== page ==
11/20/13

Is He a Mind Reader? No, He's Just Reading Your Instagram Posts

I know that we've talked for years about the amount of information that people give out freely via social media platforms, but I haven't seen any video that's better than Jack Vale's Social Experiment in showing strangers how much he can know about them just by reviewing their social media posts.

For those Fall Associates, next year's Summer Associates, or the Senior Partners that post on social media site, have them take a look at this video to see just how easy it is to gather information. Of course, as someone that conducts research for a living… tell them to keep on posting. It makes me look very good when I'm able to report on a potential lateral and give out quality information like their kids' names, where they like to vacation, and where they frequent on the weekends.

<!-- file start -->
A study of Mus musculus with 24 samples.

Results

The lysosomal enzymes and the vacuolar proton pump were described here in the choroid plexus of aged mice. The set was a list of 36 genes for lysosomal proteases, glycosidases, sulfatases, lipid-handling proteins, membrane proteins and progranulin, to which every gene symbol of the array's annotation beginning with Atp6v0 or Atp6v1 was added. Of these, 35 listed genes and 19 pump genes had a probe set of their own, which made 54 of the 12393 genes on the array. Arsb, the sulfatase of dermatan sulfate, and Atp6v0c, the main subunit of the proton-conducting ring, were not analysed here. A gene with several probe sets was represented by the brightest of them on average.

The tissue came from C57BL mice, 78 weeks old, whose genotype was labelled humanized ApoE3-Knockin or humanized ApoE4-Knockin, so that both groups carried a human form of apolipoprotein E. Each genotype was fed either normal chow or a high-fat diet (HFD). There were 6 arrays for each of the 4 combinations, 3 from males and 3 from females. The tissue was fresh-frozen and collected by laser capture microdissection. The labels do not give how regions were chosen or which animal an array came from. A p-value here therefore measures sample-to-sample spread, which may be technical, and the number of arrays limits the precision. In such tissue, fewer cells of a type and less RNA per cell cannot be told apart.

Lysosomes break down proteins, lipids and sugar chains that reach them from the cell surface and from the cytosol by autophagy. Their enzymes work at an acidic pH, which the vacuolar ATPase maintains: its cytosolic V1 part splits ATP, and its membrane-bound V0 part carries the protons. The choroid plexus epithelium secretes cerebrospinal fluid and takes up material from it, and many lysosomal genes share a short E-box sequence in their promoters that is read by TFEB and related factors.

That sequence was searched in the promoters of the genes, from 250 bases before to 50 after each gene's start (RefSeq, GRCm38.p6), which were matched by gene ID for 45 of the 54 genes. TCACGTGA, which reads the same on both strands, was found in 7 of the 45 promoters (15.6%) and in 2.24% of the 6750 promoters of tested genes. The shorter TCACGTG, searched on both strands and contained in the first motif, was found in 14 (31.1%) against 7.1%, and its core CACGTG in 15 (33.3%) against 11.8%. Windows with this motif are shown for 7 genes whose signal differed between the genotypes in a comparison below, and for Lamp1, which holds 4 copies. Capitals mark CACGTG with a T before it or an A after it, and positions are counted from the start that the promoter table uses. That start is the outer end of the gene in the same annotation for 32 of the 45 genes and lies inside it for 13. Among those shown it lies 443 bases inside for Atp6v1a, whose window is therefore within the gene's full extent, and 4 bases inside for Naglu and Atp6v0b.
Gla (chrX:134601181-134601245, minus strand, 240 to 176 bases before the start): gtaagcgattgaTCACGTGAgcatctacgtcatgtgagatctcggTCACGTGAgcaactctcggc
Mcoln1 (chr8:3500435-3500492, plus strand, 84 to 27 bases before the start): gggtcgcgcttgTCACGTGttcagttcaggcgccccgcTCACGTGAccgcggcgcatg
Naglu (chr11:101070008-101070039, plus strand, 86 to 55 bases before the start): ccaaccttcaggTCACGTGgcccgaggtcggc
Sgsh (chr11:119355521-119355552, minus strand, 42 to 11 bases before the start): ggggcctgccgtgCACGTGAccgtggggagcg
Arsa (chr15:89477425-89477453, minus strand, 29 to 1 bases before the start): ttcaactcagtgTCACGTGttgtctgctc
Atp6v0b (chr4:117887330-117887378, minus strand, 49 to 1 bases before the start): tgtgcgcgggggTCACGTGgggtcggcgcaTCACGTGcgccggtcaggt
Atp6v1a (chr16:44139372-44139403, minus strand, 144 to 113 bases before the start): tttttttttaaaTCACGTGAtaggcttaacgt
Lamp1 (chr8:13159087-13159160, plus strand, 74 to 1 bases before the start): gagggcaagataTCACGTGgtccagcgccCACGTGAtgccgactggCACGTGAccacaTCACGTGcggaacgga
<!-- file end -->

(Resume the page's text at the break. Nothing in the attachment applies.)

My favorite part of the video comes around the 3:15 mark where one of the 'pranked' victims says "Thanks for invading my privacy." I don't think he understands what privacy means. He's not alone.


Anonymous said...

It's creepier that people are so clueless that they think Jack "invaded my privacy". Hello, you are intentionally sharing your business!

owenthesecond said...

I've tried to tell my friends about this type of thing. Nothing on the internet is secure, no matter what anyone proclaims to you.

I am a part of a meetup in new york where lawyers & tech meet and we discuss this type of thing every month. Where to draw the line when your working with a client who puts everything on social networks, things that can sink your case ~blubee

Anonymous said...

Anonymous said...
It's creepier that people are so clueless
I don't think you understand what "creepy" is, or what privacy is, and I'm guessing the blog post author isn't quite sure either. Of course, I am following your lead in hiding behind the "anonymous" user. Does that mean I believe this is really "anonymous", given the NSA's capability? No. Is this a private comment? Well, I think so, but I see others disagree and I can see some future business for lawyers. Right now, as Lisa has pointed out elsewhere, we citizens seem to be leaving the decision-making, and laws, up to companies like facebook, and their "opt-in" policy, for example.